Flue Gas De-Suphurisation (FGD) simply requires that SO2-laden exhaust gases to come into intimate contact with water (H2O) and typically Limestone (CaCO3). The reactions that take place are:

CaCO3 + 2SO2 + H2O = Ca(HSO3)2 + CO2

Secondary oxidation with Limestone converts the resultant Calcium Sulphite to the more useable Gypsum:

Ca(HSO3)2 + CaCO3 + O2 + H2O = 2CaSO4•2H2O + CO2

There are many FGD processes used – some with separate reaction chambers – others with combined reaction chambers. They are predominantly fitted after waste heat has been recovered and the solids have been removed. They typically use spray chambers to maximise contact between the flue gas and the reactant.

Where the exhaust gas is reheated before release to atmosphere, CODEL GCEM-40 direct in-situ analysers provide the most convenient solution for both pre- and post-FGD gas analysis. Without re-heat, it may be necessary to use a CODEL GCEM-40E hot-extractive system post-FGD to eliminate liquid droplets prior to analysis.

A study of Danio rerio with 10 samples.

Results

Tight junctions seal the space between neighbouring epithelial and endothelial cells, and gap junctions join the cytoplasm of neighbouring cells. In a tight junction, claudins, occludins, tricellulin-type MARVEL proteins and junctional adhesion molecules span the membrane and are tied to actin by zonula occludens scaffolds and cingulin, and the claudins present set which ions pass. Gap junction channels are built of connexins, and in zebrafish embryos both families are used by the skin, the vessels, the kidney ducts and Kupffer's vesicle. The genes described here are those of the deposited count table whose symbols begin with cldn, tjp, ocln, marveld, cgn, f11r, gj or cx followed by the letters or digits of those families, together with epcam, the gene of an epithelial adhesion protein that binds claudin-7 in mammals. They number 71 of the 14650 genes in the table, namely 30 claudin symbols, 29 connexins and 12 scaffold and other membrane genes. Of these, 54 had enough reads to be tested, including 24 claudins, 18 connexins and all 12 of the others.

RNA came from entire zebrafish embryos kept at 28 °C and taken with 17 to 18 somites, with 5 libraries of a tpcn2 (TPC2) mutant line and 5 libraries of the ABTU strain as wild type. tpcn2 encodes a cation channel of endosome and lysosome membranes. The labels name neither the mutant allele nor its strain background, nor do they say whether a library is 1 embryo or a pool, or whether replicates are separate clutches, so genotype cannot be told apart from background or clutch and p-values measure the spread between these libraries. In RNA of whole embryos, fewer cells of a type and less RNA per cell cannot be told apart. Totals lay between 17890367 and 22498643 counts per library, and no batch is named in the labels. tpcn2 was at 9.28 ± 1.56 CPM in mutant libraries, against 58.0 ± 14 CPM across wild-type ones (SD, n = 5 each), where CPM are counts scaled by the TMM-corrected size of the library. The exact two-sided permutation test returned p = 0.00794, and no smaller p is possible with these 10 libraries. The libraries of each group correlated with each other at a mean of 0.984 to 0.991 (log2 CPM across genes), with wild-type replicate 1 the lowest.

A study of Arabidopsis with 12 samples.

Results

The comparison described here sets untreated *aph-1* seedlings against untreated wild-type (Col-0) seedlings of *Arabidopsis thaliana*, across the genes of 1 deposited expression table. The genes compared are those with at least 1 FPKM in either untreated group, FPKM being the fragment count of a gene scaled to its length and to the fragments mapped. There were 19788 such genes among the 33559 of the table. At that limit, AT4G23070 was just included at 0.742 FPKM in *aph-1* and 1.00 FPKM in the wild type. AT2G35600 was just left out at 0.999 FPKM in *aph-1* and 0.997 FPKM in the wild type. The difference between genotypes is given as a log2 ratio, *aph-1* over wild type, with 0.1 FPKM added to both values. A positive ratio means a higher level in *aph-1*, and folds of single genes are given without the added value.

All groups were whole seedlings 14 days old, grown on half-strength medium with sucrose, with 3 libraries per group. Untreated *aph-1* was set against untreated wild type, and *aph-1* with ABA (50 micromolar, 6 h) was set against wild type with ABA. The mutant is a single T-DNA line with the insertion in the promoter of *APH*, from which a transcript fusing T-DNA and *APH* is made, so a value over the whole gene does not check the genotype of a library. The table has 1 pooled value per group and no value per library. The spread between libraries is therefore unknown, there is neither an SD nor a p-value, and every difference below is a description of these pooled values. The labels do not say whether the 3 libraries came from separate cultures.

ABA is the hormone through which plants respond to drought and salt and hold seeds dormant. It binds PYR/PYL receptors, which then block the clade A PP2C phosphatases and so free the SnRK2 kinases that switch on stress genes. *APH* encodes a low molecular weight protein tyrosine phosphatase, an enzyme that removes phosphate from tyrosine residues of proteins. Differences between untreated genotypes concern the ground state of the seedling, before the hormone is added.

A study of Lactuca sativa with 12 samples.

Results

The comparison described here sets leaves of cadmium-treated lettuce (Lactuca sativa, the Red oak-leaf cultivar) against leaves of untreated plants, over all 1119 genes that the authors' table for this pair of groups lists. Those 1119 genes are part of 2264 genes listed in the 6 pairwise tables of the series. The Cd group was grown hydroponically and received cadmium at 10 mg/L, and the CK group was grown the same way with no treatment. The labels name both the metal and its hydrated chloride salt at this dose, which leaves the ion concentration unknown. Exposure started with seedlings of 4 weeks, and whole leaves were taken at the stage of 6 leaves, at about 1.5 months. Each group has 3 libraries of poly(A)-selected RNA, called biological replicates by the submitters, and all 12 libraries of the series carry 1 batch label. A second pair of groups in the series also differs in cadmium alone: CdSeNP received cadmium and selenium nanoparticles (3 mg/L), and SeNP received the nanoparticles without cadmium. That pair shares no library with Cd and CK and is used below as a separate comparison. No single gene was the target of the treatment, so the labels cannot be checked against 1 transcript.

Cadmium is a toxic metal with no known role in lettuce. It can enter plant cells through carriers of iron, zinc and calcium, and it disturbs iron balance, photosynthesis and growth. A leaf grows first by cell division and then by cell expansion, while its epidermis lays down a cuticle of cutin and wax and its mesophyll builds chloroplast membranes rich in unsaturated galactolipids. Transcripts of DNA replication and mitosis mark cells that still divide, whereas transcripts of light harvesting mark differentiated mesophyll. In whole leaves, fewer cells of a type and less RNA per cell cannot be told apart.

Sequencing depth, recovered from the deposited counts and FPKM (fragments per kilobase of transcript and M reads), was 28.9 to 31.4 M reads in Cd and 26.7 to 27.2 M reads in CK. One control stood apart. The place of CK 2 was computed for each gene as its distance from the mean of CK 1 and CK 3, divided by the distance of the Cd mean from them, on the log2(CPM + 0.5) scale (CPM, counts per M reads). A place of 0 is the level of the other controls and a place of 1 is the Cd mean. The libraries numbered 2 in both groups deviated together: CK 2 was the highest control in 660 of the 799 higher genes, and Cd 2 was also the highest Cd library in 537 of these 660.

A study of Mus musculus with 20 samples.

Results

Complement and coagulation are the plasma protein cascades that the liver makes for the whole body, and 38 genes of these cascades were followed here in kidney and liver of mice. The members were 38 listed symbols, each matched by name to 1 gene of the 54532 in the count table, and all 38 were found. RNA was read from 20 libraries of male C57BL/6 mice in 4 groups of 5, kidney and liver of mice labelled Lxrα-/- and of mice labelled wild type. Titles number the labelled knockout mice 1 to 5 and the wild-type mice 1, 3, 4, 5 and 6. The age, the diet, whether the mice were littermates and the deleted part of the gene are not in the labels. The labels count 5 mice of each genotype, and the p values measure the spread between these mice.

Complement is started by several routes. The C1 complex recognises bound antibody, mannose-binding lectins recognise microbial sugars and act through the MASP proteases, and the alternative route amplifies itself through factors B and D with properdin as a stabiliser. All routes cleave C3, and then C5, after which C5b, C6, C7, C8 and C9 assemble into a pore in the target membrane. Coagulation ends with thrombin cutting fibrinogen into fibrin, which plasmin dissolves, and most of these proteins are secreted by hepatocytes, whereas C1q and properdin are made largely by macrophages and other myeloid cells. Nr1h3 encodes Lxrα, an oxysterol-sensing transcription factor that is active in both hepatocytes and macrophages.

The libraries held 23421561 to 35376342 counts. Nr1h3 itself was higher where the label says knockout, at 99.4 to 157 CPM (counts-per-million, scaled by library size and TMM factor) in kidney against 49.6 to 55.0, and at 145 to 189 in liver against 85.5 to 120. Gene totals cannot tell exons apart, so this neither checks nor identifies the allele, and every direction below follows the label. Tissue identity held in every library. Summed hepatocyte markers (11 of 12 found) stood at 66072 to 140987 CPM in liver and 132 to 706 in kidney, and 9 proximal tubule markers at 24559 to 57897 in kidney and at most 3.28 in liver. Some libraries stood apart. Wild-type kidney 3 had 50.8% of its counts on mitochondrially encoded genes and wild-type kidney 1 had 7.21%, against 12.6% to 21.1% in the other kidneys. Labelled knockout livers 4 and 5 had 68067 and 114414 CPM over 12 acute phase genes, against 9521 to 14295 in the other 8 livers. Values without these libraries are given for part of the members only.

CODEL’s range of stack emissions gas analysers are suitable for a wide variety of processes offering measurements of CO, NO, SO2, CO2, NO2, CH4, HCL and H2O. Our multi-channel stack emission monitors operate as fully integrated and automated CEMs systems or as stand-alone process control gas monitors.

Our range of dust monitors, particulate and opacity monitors are installed on a variety of applications. From burst bag detection, monitoring of small boilers through to large combustion plant processes our dust monitors have a proven track record throughout the world.

The CODEL flow monitor utilises a correlation technique that provides direct measurement with no contact with the flue gas. These ultra-reliable sensors which require zero maintenance and operate at gas temperatures upto 1000 Deg Celsius are available as either a stand-alone monitor or as part of a fully integrated emission monitoring system.